Today in Oslo, Norway, over 100 countries began signing the Convention on Cluster Munitions. The nations signing the cluster bomb treaty argue that the unexploded munitions pose a “deadly hazard to children, farmers and others long after a conflict ends.” In a surprising last-minute change of policy, Afghanistan agreed to join the treaty.
Russia and the U.S. remain two of the key holdouts to the agreement. Today during the White House press briefing, veteran reporter Helen Thomas pressed spokeswoman Dana Perino to explain the Bush administration’s opposition:
THOMAS: Is the President going to sign the anti-cluster bomb treaty? Apparently this is —
PERINO: Right, this is a treaty that was passed out of the U.N. Security Council several months ago. We said then that, no, we would not be signing on to it. And so I think that the signing is actually — we did not participate in the passage of it, and therefore we’re not going to sign it either.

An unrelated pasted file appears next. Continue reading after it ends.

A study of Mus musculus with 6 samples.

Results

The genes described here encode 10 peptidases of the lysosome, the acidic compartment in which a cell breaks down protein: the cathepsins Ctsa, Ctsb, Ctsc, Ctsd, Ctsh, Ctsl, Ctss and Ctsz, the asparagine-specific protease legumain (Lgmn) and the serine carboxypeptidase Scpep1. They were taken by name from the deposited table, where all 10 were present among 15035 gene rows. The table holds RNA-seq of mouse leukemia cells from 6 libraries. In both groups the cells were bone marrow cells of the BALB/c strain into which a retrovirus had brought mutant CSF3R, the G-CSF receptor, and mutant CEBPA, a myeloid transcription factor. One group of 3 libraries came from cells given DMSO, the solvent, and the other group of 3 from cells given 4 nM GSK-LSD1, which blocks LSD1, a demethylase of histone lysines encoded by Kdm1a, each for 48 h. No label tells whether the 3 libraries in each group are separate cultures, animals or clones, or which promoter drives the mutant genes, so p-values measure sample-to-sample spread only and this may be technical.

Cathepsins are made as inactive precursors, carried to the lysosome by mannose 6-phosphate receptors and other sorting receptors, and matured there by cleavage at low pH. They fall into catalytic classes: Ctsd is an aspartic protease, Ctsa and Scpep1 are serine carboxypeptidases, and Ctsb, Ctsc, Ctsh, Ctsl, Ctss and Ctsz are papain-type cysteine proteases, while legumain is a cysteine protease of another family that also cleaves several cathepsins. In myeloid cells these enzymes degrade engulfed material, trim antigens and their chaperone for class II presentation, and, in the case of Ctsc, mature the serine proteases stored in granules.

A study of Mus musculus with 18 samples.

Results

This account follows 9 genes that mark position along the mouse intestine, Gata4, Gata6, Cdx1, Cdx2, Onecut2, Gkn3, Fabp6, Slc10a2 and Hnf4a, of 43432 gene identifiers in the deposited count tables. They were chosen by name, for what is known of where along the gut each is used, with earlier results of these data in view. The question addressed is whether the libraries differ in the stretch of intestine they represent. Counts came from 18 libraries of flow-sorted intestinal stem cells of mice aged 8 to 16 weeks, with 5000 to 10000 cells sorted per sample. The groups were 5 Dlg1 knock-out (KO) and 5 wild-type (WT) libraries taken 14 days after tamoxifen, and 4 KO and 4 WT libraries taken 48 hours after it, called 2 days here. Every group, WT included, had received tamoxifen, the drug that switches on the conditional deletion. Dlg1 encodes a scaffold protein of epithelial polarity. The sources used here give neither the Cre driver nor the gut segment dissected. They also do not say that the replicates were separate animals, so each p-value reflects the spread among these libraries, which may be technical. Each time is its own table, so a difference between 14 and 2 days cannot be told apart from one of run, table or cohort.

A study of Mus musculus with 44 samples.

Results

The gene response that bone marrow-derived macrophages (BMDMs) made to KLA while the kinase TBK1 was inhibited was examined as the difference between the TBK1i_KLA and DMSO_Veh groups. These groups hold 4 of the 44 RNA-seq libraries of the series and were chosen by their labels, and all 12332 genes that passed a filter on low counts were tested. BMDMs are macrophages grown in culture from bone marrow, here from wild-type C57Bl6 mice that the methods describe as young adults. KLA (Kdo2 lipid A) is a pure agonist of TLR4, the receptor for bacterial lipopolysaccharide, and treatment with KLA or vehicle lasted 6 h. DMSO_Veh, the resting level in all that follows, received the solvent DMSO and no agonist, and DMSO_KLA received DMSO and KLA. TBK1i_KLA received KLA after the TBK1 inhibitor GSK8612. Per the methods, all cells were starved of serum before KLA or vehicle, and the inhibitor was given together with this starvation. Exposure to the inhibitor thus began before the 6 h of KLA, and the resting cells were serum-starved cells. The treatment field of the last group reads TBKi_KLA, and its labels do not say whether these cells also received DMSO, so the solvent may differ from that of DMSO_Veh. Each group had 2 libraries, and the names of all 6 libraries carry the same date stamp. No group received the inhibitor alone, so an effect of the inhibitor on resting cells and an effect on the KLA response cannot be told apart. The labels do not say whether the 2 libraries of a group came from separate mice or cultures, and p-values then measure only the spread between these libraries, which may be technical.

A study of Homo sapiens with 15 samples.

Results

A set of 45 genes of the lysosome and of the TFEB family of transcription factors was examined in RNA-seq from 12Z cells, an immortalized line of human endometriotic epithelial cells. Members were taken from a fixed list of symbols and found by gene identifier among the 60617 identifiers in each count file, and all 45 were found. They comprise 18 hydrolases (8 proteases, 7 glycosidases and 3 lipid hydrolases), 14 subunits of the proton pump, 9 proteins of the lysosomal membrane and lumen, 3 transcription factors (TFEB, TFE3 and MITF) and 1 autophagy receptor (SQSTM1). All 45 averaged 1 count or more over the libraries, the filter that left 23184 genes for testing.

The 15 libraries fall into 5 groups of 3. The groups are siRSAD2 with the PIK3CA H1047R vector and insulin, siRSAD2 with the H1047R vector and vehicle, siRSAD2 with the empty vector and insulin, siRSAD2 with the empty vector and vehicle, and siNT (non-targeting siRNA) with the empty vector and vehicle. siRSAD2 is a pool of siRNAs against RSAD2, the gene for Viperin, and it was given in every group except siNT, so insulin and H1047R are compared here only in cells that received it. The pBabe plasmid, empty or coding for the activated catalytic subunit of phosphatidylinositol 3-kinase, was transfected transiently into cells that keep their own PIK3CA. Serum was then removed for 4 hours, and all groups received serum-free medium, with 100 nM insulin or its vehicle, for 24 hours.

THOMAS: Why not?
PERINO: What I have forgotten is all the reasons why, and so I’ll get it for you. (Laughter.)
When Perino was asked about the administration’s position on the treaty last May, she stressed the importance of cleaning up the munitions but not ending the practice. “We are deeply concerned about the humanitarian impact, not only of just cluster munitions, but really the whole range of munitions that are used at war,” she said. “It’s a moral obligation to clean up, and we do so.”
The State Department has acknowledged that “there are legitimate humanitarian concerns” about the use of cluster bombs, but argues that “it is going to be impossible to ban cluster munitions, as many in the Oslo process would like to do, because these are weapons that have a certain military utility and are of use. The United States relies on them as an important part of our own defense strategy.”